When an employer offers you an interview, it means you made a positive impact with your resume or other form of initial contact. But sometimes what seems like a golden opportunity might not be right for you. For a number of reasons, you might have to decline a job interview. For example, this might happen if you accepted an offer elsewhere, the timing just isn’t right, or you realized this isn’t the job for you. Since the employer was gracious enough to grant you the interview, you should the take the time to politely refuse it.
Identifying the Reason
Before you reject an employment interview, reconsider why you don’t want to do it. This will give you a balanced perspective. For example, if it’s due to personal or family reasons, the situation is out of your control. If you accepted another job, you’ve already made your choice. If it’s because you heard that the company is no good to work for, you must guard against unproven rumors. Consider where the information came from and try to obtain the truth on your own. If you were scheduled for a second interview, you already have a feel for the company. You can rely on your own instincts and judgment in this case.
Crafting Your Response
You can either call your point of contact or email him to decline the interview. Keep your response brief and courteous. Say that you appreciate the opportunity to interview with the company, but you must regretfully decline. Include the date and time of the scheduled interview. Briefly say why you are declining. If it’s because you don’t want to work for the company, simply say that the job isn’t a good fit for you. You do not have to get into details about why you feel that way. If you are refusing the interview with a phone call, you might be asked to provide more details. In this case, stick to your script and just say you felt the job is just not the right fit at this time. Keep your tone friendly and positive.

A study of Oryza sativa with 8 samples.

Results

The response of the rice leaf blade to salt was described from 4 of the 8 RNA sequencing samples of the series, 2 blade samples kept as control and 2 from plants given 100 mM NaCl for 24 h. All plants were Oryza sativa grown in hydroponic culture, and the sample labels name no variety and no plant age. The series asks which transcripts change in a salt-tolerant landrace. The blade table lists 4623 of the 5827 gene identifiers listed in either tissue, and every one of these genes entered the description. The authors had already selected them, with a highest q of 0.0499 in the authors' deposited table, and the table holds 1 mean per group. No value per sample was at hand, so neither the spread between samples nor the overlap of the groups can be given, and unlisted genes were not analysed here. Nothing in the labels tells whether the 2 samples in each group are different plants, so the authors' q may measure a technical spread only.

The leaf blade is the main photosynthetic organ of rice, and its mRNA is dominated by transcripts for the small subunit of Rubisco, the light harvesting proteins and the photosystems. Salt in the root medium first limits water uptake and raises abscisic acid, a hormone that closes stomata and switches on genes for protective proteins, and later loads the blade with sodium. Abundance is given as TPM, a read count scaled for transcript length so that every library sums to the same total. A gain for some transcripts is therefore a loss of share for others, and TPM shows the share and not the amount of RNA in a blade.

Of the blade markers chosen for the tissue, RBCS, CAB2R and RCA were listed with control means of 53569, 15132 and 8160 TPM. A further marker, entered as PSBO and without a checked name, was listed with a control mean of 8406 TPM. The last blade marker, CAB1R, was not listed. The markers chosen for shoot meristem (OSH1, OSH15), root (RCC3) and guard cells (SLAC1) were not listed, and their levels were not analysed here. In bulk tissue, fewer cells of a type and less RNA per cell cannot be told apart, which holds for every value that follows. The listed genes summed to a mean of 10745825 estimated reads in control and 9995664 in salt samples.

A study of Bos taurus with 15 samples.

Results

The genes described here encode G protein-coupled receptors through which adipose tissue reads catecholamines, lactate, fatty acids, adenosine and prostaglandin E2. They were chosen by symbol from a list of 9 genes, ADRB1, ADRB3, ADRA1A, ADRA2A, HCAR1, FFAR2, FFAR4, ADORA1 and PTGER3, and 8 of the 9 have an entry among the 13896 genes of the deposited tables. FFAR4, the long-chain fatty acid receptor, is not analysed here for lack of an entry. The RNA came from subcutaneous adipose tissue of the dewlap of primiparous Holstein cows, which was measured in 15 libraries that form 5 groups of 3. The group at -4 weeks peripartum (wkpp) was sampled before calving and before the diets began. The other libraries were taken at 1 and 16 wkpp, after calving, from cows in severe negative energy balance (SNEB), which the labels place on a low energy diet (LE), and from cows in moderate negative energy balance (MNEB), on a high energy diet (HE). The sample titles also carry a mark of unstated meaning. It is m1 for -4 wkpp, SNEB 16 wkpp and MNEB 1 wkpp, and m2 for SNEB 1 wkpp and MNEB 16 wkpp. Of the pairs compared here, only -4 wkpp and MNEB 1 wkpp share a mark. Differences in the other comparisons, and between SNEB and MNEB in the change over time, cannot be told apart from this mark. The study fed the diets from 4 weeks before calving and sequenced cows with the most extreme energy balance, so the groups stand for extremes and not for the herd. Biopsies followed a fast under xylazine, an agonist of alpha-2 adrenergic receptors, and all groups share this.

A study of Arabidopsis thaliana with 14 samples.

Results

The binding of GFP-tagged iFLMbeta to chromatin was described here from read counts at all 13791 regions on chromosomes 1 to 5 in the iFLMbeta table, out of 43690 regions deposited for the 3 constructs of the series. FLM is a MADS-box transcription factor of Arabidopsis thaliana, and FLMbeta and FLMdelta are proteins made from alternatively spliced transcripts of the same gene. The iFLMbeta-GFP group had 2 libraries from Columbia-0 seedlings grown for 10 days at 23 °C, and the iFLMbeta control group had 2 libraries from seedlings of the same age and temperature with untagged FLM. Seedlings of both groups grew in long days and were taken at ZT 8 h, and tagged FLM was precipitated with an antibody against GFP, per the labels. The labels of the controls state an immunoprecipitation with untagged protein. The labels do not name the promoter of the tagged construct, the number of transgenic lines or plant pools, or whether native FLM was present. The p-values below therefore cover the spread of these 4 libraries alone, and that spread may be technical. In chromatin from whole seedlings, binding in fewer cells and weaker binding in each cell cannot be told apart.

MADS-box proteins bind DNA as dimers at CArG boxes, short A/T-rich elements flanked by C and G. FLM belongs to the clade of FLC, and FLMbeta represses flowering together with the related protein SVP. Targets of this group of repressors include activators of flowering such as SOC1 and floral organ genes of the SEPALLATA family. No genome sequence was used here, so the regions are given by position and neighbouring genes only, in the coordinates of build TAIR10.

Finishing Your Response
When refusing an interview, try to leave a positive impression. Thank the employer again for the opportunity and apologize for any inconvenience you might have caused by refusing the interview. Let her know you will get back in touch if anything changes on your end and you decide you want to chat more about the job. Close your correspondence by wishing the employer all the best.
If you do not get a response to your communication, don’t take it personally. You did your part by declining the interview and demonstrating your professionalism. Keep in mind that when you refuse a scheduled interview, it might hurt your chances of ever interviewing with the company again.
Grace Ferguson has been writing professionally since 2009. With 10 years of experience in employee benefits and payroll administration, Ferguson has written extensively on topics relating to employment and finance. A research writer as well, she has been published in The Sage Encyclopedia and Mission Bell Media.